Different Ways to Pay – Bacs, CHAPS and Faster Payments


It is likely that some people believe that they have never been on the end of a Bacs payment – however, it is probable that they are wrong. Bacs payment initially stood for ‘Bankers’ Automated Clearing Services’ and was set up in the late 1960s by Dennis Gladwell as a way of transferring funds between banks whilst avoiding the need for paper documents. The Bacs system is generally used nowadays to make Direct Debit or Direct Credit payments. It was also used to make payments for phone or internet banking but this feature has since been replaced by ‘Faster Payments’. The Bacs system is commonly used by companies to make payments such as employees’ wages and salaries, pensions and state benefits – but it is also used by individuals. The Bacs system is very secure but takes three working days to go through.

CHAPS payments or ‘Clearing House Automated Payment System’ is similar to a Bacs payment as it deals with the transfer of funds. The main difference between the two methods of moving money is the fact that with a CHAPS transfer the money can be moved within the same day. There is usually a charge of around £30 to use a CHAPS transfer and as a result they tend to be primarily used to make high value transfers or by big corporations. Some of the main users of CHAPS are the banks themselves; they use them to move money around their systems. For individuals, CHAPS transfers are usually used to hand over funds for the payment on a house. The system is run by a company of the same name that started in 1984 in London.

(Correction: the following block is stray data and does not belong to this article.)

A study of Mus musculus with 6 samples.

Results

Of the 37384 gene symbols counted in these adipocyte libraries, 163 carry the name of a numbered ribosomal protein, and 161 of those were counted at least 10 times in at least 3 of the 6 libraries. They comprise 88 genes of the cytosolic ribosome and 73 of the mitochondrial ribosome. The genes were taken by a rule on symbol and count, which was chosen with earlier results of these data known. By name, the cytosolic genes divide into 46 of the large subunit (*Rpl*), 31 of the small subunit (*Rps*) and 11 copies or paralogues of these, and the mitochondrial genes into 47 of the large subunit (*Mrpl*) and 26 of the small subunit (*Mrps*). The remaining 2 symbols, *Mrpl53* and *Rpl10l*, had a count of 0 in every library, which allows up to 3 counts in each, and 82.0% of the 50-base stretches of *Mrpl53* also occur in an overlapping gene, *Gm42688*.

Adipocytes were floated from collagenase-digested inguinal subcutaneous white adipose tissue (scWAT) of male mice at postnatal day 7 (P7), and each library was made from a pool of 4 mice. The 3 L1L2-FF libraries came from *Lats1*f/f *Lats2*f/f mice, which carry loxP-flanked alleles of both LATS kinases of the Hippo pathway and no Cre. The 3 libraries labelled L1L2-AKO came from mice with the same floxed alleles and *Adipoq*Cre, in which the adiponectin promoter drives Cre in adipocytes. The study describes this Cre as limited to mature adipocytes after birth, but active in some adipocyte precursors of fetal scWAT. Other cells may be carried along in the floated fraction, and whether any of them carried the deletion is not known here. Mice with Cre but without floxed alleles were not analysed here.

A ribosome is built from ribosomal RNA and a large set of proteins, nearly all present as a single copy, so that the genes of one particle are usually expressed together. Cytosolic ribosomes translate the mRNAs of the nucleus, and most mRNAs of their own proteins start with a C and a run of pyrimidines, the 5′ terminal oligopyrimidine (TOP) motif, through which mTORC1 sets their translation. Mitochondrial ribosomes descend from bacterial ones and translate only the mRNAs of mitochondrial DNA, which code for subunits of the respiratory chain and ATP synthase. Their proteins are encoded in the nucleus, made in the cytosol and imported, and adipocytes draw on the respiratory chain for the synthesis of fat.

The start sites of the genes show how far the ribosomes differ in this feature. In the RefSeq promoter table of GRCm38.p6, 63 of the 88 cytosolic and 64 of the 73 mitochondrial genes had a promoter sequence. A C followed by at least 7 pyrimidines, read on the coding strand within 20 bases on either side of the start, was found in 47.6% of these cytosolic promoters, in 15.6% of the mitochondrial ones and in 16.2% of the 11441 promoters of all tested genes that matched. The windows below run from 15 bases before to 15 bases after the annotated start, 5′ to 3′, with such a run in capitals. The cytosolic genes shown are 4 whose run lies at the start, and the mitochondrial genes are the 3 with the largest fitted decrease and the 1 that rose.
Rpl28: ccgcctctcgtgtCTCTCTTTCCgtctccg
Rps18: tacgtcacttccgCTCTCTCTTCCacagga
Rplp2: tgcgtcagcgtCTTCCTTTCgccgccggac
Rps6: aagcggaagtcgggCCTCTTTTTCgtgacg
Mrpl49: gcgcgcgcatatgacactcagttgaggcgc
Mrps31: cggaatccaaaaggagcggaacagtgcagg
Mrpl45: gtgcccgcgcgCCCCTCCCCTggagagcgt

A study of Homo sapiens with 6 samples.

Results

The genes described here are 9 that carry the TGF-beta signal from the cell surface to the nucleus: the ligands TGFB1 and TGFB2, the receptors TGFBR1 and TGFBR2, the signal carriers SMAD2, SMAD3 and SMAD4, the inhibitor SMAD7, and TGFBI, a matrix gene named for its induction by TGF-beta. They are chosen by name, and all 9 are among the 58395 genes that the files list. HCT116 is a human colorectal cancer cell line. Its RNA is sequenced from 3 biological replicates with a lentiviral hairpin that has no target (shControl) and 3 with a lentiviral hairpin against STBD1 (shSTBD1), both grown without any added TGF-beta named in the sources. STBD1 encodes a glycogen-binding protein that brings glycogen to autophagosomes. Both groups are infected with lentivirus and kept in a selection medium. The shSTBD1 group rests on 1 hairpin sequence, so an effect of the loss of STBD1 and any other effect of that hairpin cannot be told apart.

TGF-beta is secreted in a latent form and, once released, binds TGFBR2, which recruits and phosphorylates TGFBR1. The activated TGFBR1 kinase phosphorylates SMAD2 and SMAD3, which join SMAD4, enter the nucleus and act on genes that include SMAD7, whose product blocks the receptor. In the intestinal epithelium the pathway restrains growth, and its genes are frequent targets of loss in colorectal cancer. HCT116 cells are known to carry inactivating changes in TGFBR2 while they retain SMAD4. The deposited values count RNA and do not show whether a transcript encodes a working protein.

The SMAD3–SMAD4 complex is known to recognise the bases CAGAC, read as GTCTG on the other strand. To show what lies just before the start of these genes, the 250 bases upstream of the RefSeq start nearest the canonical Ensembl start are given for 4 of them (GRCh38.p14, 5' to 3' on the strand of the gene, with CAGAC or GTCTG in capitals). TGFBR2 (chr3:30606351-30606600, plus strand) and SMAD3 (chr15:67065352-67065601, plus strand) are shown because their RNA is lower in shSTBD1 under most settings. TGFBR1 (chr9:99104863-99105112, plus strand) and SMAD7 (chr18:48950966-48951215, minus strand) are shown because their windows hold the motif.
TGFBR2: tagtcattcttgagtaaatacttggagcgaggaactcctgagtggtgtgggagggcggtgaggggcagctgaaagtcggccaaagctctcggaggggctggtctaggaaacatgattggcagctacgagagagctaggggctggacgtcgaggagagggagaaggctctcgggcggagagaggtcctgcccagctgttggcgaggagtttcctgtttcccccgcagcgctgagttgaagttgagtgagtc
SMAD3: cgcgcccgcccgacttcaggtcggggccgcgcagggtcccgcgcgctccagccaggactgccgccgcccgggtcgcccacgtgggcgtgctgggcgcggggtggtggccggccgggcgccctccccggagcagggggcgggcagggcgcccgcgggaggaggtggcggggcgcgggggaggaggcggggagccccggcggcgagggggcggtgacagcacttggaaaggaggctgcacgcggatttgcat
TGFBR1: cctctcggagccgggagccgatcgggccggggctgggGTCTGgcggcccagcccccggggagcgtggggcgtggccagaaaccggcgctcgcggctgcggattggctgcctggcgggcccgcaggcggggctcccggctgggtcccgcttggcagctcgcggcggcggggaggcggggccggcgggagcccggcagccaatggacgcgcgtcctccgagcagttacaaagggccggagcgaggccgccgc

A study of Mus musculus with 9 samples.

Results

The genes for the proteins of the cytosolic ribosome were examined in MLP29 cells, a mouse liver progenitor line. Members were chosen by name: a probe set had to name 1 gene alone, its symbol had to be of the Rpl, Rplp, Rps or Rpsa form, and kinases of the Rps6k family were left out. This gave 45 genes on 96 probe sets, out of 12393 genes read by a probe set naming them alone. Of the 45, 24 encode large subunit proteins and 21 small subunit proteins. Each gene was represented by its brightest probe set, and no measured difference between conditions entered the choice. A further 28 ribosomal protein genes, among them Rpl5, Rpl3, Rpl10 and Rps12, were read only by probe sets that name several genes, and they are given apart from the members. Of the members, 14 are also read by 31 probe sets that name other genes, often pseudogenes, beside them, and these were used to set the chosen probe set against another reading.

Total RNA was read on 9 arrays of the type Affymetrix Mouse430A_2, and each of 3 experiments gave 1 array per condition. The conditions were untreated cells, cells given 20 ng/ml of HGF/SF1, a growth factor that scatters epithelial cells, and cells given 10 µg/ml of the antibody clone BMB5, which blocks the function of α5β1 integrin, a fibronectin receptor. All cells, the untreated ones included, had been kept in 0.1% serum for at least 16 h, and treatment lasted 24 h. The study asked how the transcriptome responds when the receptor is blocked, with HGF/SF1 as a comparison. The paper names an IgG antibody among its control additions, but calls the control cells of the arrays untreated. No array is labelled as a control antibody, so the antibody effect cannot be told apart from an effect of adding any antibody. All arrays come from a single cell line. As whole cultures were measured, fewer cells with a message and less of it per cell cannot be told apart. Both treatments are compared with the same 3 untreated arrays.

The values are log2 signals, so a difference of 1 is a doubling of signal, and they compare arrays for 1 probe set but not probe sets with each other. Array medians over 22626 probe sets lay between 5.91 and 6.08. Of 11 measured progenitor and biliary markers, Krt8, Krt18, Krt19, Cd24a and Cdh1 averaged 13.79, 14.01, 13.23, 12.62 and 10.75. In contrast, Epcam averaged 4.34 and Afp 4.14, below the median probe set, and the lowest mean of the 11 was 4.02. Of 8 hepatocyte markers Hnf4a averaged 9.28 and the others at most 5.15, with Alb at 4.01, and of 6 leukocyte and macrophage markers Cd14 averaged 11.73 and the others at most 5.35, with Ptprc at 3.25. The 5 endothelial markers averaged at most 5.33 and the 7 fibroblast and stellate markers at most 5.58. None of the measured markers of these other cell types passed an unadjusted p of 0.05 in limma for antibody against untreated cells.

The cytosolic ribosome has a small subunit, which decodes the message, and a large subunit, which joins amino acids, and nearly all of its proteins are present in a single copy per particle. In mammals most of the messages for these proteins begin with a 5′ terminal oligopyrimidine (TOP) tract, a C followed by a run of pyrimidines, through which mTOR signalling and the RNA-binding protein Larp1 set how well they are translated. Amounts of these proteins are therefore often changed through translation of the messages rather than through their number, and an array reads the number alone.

Faster Payments are again another way of transferring funds but can be done instantaneously. The system was launched on the 24th May with nine banks and one building society signing up initially to use the service. The Faster Payments service does have limit on how much money that can be transferred that varies between providers. Some of the limits offered go up to £100,000 so people who are thinking of making a large payment through CHAPS may want to investigate whether they can do it through Faster Payments as this service is usually free. As mentioned above, due to the speedy nature of the transfers, the Faster Payments service has completely taken over the handling of internet and telephone payments from Bacs after a change in the law. The Faster Payments service is also popular with people who want to make other smaller payments such as paying bills to tradesmen or transferring money to friends and family. The system is expected to grow rapidly in popularity and is designed to handle up to ten million transactions.

These three methods of transferring funds can appear to be fairly similar but in reality are used for different types of payment. If you are thinking of making a payment or transferring some funds you may want to look into which type of process would be best for what you want to do.

© Izzy Evans 2012

If you would like to find out more about the different types of payments available to you and how to use them securely you can visit Bacs Payment, CHAPS or Faster Payments.